Designated: 1995
121 acres (49 hectares)
Top Varieties: Madeleine Angevine, Siegerrebe, Müller-Thurgau, Pinot Gris, Pinot Noir
Average Annual Precipitation: 15-60 inches

The Puget Sound appellation, named after the body of water that stretches across the region, has the distinction of being Washington’s only growing region located west of the Cascade Mountains. It encompasses a wide swath of land—including numerous islands—from the Canadian border to the north through Seattle to Olympia, the state’s capitol to the south. 

Map of Washington with the Puget Sound AVA in red, surrounded by the rest of the AVAs in muted greens and oranges.

Due to its location, Puget Sound is unique for Washington as a growing region in that it has a temperate, maritime climate. In contrast, Washington’s growing regions east of the Cascade crest have arid or semi-arid, continental climates. Puget Sound is therefore by far Washington’s coolest and wettest growing region.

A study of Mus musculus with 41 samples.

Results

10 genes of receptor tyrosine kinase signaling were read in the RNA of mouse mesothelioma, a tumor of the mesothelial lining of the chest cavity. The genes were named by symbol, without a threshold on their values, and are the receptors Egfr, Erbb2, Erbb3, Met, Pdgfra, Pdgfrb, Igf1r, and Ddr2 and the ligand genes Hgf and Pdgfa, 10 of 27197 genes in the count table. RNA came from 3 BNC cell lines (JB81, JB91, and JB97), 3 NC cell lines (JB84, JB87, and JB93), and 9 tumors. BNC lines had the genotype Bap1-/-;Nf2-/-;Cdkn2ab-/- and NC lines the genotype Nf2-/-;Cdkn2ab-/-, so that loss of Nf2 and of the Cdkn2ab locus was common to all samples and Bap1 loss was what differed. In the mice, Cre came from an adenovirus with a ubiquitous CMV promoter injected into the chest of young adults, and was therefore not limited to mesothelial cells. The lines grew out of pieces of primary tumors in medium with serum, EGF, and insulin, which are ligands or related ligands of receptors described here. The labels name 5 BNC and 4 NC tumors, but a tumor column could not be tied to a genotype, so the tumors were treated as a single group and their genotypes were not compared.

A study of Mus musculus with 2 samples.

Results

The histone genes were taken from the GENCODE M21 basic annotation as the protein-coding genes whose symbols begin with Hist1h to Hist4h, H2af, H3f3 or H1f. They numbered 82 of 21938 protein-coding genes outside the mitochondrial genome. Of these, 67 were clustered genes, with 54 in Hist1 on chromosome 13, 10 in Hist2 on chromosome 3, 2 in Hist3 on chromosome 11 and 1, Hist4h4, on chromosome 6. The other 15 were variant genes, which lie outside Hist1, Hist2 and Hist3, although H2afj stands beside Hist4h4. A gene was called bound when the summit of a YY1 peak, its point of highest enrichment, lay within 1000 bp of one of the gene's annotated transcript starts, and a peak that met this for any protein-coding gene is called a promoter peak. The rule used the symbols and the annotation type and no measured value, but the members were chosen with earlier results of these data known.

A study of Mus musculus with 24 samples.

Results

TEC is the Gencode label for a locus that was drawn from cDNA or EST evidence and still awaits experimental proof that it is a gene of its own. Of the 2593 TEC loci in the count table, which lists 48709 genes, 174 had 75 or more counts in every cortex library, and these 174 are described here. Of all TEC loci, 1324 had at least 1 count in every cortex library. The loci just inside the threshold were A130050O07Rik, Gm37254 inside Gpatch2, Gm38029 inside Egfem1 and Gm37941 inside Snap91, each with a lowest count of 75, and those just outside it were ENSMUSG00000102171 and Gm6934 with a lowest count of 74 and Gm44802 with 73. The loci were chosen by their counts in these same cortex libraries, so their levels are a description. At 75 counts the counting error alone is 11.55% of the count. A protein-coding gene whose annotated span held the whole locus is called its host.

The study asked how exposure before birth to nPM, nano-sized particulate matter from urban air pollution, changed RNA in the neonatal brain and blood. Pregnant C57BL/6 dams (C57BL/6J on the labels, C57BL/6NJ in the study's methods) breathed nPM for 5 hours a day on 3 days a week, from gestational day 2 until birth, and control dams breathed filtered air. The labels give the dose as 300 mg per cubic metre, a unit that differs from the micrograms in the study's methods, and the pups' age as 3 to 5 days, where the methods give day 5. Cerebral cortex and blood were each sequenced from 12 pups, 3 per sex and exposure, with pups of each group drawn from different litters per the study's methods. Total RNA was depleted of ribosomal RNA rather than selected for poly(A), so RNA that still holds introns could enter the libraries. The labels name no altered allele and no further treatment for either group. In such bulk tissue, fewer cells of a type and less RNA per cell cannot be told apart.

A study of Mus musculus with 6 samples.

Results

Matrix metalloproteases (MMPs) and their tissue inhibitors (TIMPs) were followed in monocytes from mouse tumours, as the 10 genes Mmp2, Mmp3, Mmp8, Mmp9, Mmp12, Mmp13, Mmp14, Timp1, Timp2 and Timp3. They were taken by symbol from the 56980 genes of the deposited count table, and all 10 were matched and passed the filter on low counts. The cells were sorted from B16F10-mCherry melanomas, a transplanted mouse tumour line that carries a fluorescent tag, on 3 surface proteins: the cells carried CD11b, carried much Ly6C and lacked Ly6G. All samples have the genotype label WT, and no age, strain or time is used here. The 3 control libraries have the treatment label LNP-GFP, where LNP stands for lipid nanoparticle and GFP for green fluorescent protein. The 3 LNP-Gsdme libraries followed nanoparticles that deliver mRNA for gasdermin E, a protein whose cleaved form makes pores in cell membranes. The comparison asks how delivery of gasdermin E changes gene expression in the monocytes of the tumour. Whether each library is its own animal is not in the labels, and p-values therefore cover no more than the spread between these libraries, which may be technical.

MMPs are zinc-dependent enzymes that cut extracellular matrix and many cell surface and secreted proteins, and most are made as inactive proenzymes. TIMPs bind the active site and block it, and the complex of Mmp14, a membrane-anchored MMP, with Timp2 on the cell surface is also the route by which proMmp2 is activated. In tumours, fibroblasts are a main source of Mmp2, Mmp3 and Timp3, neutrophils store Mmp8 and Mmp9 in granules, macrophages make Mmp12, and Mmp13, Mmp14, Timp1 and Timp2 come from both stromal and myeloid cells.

Rainfall ranges from 15 inches (38 cm) to 60 inches (152 cm) annually, with most precipitation occurring from November through April. In contrast, summers are typically fairly warm and dry. The abundant rainfall means that most vineyards in this area can dry farm, in contrast to eastern Washington where irrigation is required due to the desert climate.

Cool climate grapes dominate in this area, with Pinot Noir the most planted variety followed by Riesling. However, the area also has plantings of Madeleine Angevine, Muller Thurgau, Regent, Siegerrebe, and other varieties seldom seen elsewhere in the state.